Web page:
Directors: Tim Kinzy, Andrew Seklir
MPAA Rating: NR
Run Time: 92 Minutes
Remember that game that came on those old Nokia phones where you navigated a snake around the screen and every time you ate a pellet you grew longer? That game was based on the hit ’80s arcade game Nibbler – not the most popular machine back in the day, but one that grew a following due to its steep difficulty and 9-digit score counter.
At the time, no other video game had a score that could reach 1 billion, and one player by the name of Tim McVey (no relation to the terrorist) hit that score. He became the talk of the town, even having a day named after him and receiving a key to the city of Ottumwa, Iowa.
More than two decades later, with no one else in the States beating his score, Tim discovers a man in Italy who claims to have dethroned him shortly after he first broke the record. Now, he decides to strap in and once again to become the world champ at Nibbler, which will require him to play for 35+ hours straight. This is the story of Man vs. Snake: The Long and Twisted Tale of Nibbler.
I’m feeling a bit conflicted about Tim Kinzy and Andrew Seklir’s documentary for a few reasons. On one hand, you have a visually interesting and inspiring story about a man trying to become the world’s greatest Nibbler player, but on the other, you have yet another formulaic video game documentary that features all the same people from all the other video game documentaries.
But then again, I’m a huge gamer myself, so I found the film entertaining as a whole, and I quite liked the lead subject, Tim McVey. Most of the other individuals who I didn’t much care for in The King of Kong are again present in this one, including the one and only Billy Mitchell, who thankfully wasn’t nearly as obnoxious in this film.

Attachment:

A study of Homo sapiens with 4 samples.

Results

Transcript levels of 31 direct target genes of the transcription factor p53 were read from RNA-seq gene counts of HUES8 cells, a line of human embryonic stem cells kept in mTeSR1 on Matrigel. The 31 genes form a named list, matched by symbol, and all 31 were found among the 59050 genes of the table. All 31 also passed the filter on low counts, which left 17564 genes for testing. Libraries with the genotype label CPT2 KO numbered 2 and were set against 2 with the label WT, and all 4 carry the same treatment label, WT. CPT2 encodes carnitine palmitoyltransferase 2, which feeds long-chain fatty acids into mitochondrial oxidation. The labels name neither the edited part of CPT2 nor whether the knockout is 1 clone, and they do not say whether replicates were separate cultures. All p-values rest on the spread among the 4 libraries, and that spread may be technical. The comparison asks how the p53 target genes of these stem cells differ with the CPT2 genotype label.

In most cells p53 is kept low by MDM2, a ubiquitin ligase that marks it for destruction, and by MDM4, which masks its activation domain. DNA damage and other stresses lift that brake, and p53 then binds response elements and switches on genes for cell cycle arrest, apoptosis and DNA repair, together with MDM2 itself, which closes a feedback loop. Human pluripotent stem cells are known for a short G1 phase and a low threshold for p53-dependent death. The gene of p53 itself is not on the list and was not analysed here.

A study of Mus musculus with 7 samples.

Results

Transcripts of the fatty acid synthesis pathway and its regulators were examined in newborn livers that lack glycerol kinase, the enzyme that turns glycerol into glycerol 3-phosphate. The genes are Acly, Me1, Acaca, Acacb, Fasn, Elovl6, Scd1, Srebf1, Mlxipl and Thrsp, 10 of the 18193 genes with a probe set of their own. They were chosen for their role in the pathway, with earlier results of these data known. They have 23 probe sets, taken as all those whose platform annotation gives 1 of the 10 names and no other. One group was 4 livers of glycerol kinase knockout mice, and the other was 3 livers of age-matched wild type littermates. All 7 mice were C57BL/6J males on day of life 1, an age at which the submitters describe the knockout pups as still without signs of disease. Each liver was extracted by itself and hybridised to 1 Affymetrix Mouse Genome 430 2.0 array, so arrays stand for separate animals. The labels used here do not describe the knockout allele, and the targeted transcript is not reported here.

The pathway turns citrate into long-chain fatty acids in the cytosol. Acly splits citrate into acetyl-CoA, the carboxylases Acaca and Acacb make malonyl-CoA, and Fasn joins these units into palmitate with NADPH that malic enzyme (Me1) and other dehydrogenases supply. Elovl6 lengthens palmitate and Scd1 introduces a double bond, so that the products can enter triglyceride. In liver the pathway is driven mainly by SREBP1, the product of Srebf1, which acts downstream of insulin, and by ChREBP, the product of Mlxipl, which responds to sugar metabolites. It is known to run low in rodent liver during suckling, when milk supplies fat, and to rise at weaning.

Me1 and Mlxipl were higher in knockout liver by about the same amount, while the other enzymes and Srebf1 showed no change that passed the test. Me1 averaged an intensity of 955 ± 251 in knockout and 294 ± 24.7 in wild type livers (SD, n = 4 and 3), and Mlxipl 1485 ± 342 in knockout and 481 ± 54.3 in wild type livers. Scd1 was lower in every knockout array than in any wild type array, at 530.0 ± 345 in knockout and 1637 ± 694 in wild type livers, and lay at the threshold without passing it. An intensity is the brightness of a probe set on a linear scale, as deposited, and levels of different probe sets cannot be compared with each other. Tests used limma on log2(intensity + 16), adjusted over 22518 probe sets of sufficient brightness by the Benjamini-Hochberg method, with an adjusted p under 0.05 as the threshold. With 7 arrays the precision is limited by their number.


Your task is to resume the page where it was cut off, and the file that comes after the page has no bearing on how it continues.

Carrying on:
Kinzy and Seklir do what they can to bring a visual flair to a story that largely revolves around sweaty guys hovering over a monitor with an 8-bit snake sliding around for 35 hours by incorporating animation and some interesting reenactments into the film that really work in the movie’s favor. The animation is well done, almost having a Family Guy quality, and are quite amusing. In fact, the animated sequences prove to be some of the best parts of the entire documentary, and I could have used more of them.
I don’t want to downplay Tim’s story, as it does effectively tug at one’s heartstrings, but as entertaining as it may be, Man vs. Snake still feels like it’s following in the shadow of The King of Kong.